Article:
Melbourne's Shrine of Remembrance has cancelled plans to illuminate the site in rainbow colours, citing "sustained abuse" and threats directed at its staff.
The rainbow plan for Sunday night was set to coincide with the opening of a new exhibition inside the Shrine, called Defending with Pride: Stories of LGBTQ+ Service.
It is an exhibition that charts the history of lesbian, gay, bisexual, transgender and queer people in Australia's armed forces.
The exhibition and a Last Post service are still going ahead from Sunday, however, Shrine of Remembrance chief executive Dean Lee confirmed the rainbow lighting would not.
"We have seen something of what members of the LGBTIQ+ community experience every day. It is hateful."
Some social media activity had suggested there could be a protest against the lights taking place on Sunday afternoon.
The Shrine was the site of violent scenes in September, when anti-lockdown protesters were involved in a tense stand-off with police.
"In the interests of minimising harm, we have given this matter careful consideration and sought the guidance of the Shrine's partners and friends, including veteran associations, representatives of the LGBTIQ+ veteran community and the Victorian government," Mr Lee said.
The move to light up the Shrine attracted some backlash from conservative commentators, who expressed concern at the "politicisation" of the site. Some veterans were also opposed to the move.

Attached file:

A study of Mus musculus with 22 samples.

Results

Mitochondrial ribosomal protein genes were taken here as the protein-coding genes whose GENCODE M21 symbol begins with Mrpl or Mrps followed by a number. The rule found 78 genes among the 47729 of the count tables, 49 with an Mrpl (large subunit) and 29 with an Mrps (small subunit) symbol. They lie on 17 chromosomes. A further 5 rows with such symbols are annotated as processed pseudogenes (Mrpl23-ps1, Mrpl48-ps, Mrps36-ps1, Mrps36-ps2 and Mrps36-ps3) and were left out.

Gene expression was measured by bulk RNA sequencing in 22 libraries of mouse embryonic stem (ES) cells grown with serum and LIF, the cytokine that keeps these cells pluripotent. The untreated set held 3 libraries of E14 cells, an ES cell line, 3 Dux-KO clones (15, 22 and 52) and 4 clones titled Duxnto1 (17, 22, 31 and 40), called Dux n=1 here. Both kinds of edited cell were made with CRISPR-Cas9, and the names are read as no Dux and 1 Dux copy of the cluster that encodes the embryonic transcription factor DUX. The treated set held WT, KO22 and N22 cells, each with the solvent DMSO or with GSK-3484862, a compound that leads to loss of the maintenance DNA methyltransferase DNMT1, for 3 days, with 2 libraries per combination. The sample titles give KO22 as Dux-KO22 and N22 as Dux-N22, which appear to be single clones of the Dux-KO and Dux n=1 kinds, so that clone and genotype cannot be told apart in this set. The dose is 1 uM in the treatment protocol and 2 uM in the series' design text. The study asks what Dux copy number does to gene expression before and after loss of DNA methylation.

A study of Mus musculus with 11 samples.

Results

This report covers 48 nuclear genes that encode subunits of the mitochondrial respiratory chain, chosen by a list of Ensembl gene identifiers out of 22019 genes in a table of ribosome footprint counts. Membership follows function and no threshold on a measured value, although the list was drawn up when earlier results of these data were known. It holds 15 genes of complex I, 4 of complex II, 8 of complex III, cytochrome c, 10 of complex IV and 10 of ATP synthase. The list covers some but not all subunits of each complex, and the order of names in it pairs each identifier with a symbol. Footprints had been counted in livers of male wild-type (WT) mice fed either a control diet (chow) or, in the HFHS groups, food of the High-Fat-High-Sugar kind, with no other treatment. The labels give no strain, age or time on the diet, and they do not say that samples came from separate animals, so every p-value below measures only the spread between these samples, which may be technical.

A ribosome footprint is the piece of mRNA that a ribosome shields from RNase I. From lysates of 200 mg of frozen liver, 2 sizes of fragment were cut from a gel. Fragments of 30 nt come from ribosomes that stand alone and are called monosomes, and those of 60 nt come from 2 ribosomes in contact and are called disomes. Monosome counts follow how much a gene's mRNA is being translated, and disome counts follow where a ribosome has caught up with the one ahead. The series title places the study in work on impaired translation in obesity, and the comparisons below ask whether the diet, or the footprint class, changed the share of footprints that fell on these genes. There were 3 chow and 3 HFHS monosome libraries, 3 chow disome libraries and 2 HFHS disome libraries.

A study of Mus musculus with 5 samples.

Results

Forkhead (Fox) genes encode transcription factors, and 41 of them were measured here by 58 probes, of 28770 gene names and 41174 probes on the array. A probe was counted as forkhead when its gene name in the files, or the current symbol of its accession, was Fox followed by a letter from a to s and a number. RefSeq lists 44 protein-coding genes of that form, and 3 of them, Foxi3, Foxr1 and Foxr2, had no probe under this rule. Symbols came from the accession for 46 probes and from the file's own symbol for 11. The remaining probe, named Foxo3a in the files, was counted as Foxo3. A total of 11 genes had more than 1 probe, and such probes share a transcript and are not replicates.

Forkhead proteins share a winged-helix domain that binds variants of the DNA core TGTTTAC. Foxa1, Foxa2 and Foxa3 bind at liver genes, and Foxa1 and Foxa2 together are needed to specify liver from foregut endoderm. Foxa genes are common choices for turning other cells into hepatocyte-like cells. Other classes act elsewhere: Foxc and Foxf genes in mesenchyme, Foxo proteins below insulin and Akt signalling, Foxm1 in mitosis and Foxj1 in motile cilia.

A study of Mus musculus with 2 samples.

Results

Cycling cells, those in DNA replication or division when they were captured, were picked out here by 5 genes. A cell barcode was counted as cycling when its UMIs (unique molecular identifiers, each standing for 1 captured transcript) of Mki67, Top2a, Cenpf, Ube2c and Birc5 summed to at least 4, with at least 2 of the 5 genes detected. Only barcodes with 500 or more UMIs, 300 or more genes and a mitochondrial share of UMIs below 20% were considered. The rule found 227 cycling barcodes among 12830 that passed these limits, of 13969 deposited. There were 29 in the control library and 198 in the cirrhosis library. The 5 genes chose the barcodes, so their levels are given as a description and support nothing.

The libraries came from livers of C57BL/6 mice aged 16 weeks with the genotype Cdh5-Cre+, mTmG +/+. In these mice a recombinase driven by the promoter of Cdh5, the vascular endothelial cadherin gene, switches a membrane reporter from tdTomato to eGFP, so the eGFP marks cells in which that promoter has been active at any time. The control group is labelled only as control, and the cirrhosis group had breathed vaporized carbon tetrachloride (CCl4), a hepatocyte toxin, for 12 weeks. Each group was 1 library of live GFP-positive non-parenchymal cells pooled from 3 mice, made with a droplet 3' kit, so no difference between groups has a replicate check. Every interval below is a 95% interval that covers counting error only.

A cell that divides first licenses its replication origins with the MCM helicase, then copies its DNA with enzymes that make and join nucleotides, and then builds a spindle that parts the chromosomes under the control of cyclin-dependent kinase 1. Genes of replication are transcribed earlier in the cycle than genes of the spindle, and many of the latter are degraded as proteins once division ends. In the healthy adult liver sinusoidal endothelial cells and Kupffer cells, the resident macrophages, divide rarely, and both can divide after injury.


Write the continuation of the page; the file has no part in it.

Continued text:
Mr Lee pointed to the recent illumination of the building to remember assassinated former Japanese prime minister Shinzo Abe when defending the decision during the week.
It has also been lit up in honour of the Queen's Diamond Jubilee and to remember the police officers killed in the 2020 Eastern Freeway crash tragedy.
Exhibition still going ahead
Questioned hours before the Shrine confirmed the news, state government minister Steve Dimopoulos said: "That is a matter for them [the Shrine]. I'm not going to comment on that."
"Other than to say to you, not only as a gay man but as a Victorian, the fact that there will be an exhibition acknowledging the contribution of LGBTIQ+ current and former serving members of the defence force … is an incredible thing."
Until 20 years ago, personnel who were not heterosexual were banned from serving in the military and under various policies were investigated and discharged from the armed forces.
A group of gay veterans were stopped from laying a wreath ahead of ANZAC Day 40 years ago.
Phil Neil — the last living member of that group — told ABC Radio Melbourne on Friday it was hard to be reviled after risking his life for the country.
The ban on gay and lesbian personnel was lifted in November 1992, but The Australian War Memorial wrote in 2020 that it did not end discrimination in the force.
Policies have shifted dramatically in the past two decades, and transgender personnel were allowed to serve openly and transition with support from 2010.
In his statement, Mr Lee said moves to memorialise the service of women and Indigenous Australians had faced opposition in the past.
"A decade ago, conversations around veteran suicide were taboo, yet today it is the subject of a royal commission," he said.
"Society's values change, and the Shrine is a participant in that change and will continue its efforts to honour the service and sacrifice of all who have served Australia."